I’m a pacifist at heart, so I have been greatly saddened by one of the unintended consequences of my kitchen renovation.
All-out war has broken out between the two sides of my split personality.
On one side of my brain (the side that believes it is the “right” one), we have the clutter-hating neatnik who wants the kitchen counter to remain as pristine as the day it was installed. Given that the kitchen is now completely open to the rest of the house (and to the street, and to the world in general, until I figure out window treatments), it considers absolute tidiness to be the only reasonable position.
On the other side of my brain (the one that is “left” after the neatnik goes into a sulk), we have the incorrigible clutterer. My desk, dining table and kitchen counters have served as collectors of mail, newspapers and all kinds of other useful-seeming items since time immemorial. That half thinks this is exactly how life should continue. It reasons that the enhanced size of the counter space was designed to provide more horizontal surfaces for that very purpose.
Despite the oft-repeated (and clearly false) claim that we now live in a paperless, digital world, a huge number of paper items enter my life on a daily basis. Some go directly into recycling and some get filed, but there are always a few (brochures for window treatments, for example) that fall into the category of “I really need to do something about that.” My cluttery side needs them there nagging at me or I’ll forget to deal with them.
I would prefer to be a noncombatant in these skirmishes, but with the battleground firmly located somewhere between my two ears, that’s not possible. I agree with both sides (how could I not?), but some sort of compromise is in order.
On the one hand, when I gaze out over my new kitchen, I want to appreciate its serene beauty. After all the work getting to it, I desire it to look stunning every day, like a magazine spread or an inspiring article in Houzz (which it surely deserves).
When, instead, my eyes encounter two receipts, three bills, several fundraising appeal envelopes, a half-filled mug of cold tea, three screws that look important (though for what purpose is anybody’s guess), warranties that need registering, tax documents, yesterday’s newspaper and brochures about gas fireplace inserts and garage doors (two other urgent needs), I feel stressed and anxious.
On the other hand, that anxiety has an important purpose — to goad me into reading the paper, paying my bills, doing my taxes and actually finishing up all the remaining items in this ongoing renovation project so I can finally relax.
To that argument, of course, the neat freak points out that the newspaper arrives daily, bills come every month, taxes seem to be due every time I turn around, and is a house ever truly finished? If that is the finish line, the clutter could remain in place for years or even decades, forever marring my enjoyment. And don’t forget, she adds, with the lights on, the kitchen looks like a stage set framed by that giant (uncurtained) picture window. Do you really want to advertise your sloppiness to the world?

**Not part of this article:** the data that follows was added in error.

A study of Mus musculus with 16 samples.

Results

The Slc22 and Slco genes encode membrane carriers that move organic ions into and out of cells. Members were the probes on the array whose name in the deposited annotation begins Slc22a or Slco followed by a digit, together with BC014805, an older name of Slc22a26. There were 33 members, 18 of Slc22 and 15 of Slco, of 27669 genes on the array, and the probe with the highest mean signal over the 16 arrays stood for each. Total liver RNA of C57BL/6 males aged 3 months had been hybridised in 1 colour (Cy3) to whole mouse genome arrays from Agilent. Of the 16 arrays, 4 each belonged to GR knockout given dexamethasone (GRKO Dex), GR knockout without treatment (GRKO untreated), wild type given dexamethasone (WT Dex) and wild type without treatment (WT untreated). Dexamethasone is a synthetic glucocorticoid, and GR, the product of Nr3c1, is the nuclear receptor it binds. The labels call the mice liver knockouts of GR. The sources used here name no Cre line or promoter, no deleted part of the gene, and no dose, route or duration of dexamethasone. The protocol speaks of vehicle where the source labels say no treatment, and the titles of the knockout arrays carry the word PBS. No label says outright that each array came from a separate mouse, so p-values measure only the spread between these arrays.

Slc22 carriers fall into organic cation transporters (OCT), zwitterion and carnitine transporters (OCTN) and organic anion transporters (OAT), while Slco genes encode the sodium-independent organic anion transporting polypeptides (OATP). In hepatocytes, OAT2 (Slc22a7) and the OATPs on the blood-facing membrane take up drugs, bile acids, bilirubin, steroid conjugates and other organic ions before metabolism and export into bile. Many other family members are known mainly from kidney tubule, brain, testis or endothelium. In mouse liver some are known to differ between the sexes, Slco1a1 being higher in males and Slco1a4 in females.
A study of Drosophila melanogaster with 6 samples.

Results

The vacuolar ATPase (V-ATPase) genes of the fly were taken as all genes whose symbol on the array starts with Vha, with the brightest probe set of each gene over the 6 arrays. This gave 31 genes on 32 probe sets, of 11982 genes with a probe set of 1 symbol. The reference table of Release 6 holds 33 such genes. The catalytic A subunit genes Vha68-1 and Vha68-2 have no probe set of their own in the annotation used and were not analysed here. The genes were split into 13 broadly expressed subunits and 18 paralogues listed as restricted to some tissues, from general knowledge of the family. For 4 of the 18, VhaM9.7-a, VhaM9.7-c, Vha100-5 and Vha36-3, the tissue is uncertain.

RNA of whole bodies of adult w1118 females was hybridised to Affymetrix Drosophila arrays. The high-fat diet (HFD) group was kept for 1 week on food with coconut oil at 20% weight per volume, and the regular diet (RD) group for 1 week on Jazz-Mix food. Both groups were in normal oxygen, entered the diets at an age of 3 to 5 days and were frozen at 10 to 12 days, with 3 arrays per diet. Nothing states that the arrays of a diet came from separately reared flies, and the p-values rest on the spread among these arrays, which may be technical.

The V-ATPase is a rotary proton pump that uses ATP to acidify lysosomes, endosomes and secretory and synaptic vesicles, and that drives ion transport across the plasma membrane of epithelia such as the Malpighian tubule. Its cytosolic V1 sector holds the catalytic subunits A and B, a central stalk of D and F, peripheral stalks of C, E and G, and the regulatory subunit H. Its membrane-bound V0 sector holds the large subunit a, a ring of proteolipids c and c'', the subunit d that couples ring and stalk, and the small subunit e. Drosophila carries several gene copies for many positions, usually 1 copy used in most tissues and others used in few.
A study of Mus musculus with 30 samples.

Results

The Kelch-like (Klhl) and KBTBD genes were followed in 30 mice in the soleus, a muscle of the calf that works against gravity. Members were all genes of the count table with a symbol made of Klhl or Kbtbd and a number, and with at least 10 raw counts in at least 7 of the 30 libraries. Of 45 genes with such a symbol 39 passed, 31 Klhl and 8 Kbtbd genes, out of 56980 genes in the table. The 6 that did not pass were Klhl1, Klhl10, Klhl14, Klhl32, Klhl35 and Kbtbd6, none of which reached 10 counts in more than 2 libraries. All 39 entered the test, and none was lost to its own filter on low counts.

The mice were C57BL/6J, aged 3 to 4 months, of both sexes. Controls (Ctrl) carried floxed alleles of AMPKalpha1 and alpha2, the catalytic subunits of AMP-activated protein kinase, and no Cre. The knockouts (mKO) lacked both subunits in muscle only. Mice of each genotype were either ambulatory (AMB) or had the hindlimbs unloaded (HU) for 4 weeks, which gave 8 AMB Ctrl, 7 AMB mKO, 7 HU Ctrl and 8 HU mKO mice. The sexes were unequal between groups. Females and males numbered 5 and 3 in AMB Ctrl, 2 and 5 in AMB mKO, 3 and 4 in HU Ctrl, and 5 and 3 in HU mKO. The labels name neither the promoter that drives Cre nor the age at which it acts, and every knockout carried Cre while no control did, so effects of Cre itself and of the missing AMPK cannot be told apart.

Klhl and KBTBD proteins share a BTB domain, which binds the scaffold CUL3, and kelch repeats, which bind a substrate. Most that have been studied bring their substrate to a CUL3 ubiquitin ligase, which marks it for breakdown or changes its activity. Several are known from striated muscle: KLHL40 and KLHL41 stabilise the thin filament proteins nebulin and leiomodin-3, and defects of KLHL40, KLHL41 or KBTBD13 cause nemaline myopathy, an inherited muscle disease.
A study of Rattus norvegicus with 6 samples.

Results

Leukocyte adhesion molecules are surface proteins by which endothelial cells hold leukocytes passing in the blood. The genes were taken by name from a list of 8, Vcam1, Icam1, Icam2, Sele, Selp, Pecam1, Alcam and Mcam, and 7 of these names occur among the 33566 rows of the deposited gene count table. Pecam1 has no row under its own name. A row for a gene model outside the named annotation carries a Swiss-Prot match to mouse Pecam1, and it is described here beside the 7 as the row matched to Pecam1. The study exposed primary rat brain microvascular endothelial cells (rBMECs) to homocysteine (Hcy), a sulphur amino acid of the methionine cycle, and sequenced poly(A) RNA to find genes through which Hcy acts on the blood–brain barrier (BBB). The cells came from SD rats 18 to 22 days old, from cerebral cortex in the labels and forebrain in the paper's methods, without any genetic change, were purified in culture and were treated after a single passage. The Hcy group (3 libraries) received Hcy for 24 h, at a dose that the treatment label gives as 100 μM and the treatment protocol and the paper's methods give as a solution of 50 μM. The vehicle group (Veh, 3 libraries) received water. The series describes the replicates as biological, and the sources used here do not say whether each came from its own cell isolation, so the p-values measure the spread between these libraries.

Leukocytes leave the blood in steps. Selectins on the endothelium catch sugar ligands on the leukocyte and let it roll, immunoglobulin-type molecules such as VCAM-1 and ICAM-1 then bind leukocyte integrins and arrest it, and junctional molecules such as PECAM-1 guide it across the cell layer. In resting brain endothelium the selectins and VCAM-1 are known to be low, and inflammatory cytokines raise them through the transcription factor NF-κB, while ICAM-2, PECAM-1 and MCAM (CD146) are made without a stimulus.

The parties are strongly entrenched in their respective positions and it hasn’t been easy to get them to the table to iron out their differences. Brokering a deal took all my diplomatic skills, but I think I have finally negotiated a detente.
We’ve split the day into two time periods. The clutterer is allowed to drop the mail and newspaper on the counter in the morning when it arrives. It can sit there for the next several hours while she sorts her way through it. But after that, it needs to go. By dinnertime, the counters must be cleared so that any dog walkers happening by can observe the neatnik cooking in a pristine setting.
It’s an uneasy truce, but I think it will hold for at least six weeks, by which time I should be well entrenched in my new tidiness pattern.
But you may have to take my word for it.
Six weeks should give me just enough time to get some window treatments in place.
Rotini with Spinach and Ricotta Sauce
The unseasonably warm weather we were enjoying a week or two ago left me longing for the more sustained version of spring. To hurry it along, I’ve been thinking green and eating the most spring-like foods I can. Which today means this quick and easy pasta sauce.
Kids who refuse to eat vegetables will turn up their noses at this delightfully green dish, but the rest of us know better and can enjoy it as a harbinger of spring bounty to come.
3-1/2 cups dry rotini or similar pasta (about 3/4 lb.)
2 Tbsp. olive oil
1 small onion, diced
1 clove garlic, minced
10 ounces baby spinach
1/3 cup whole milk ricotta
1/4 tsp. fresh-grated nutmeg
Salt and pepper
Parmesan cheese for serving
Bring a large pot of water to a boil. When it is boiling, salt it heavily and cook the pasta.
While the water is heating and the pasta is cooking, heat the oil in a large sauté pan over medium to medium-low heat. Add the onions and cook until they begin to soften and turn translucent, then add the garlic and cook for another minute or two, being careful not to burn it.
Add the spinach a couple handfuls at a time, stirring it into the onions, and cook until it is all incorporated and wilted. If your spinach is very dry (mine was), you may need to add a couple tablespoons of water to help it along.
Add the ricotta and stir well to incorporate.
Transfer the mixture to a food processor and process until it is smooth. Add nutmeg, salt and pepper to taste. Make the flavors strong (especially the nutmeg), bearing in mind that the pasta will dilute them.
Drain the pasta, reserving some of the cooking water. Place the pasta in a bowl and toss with the sauce, adding in a spoonful or two of the pasta water as needed.
Serve topped with fresh-grated Parmesan cheese.
Betty Teller knows she would be really clean if only she weren’t so messy. Explain the paradox to her at firstname.lastname@example.org.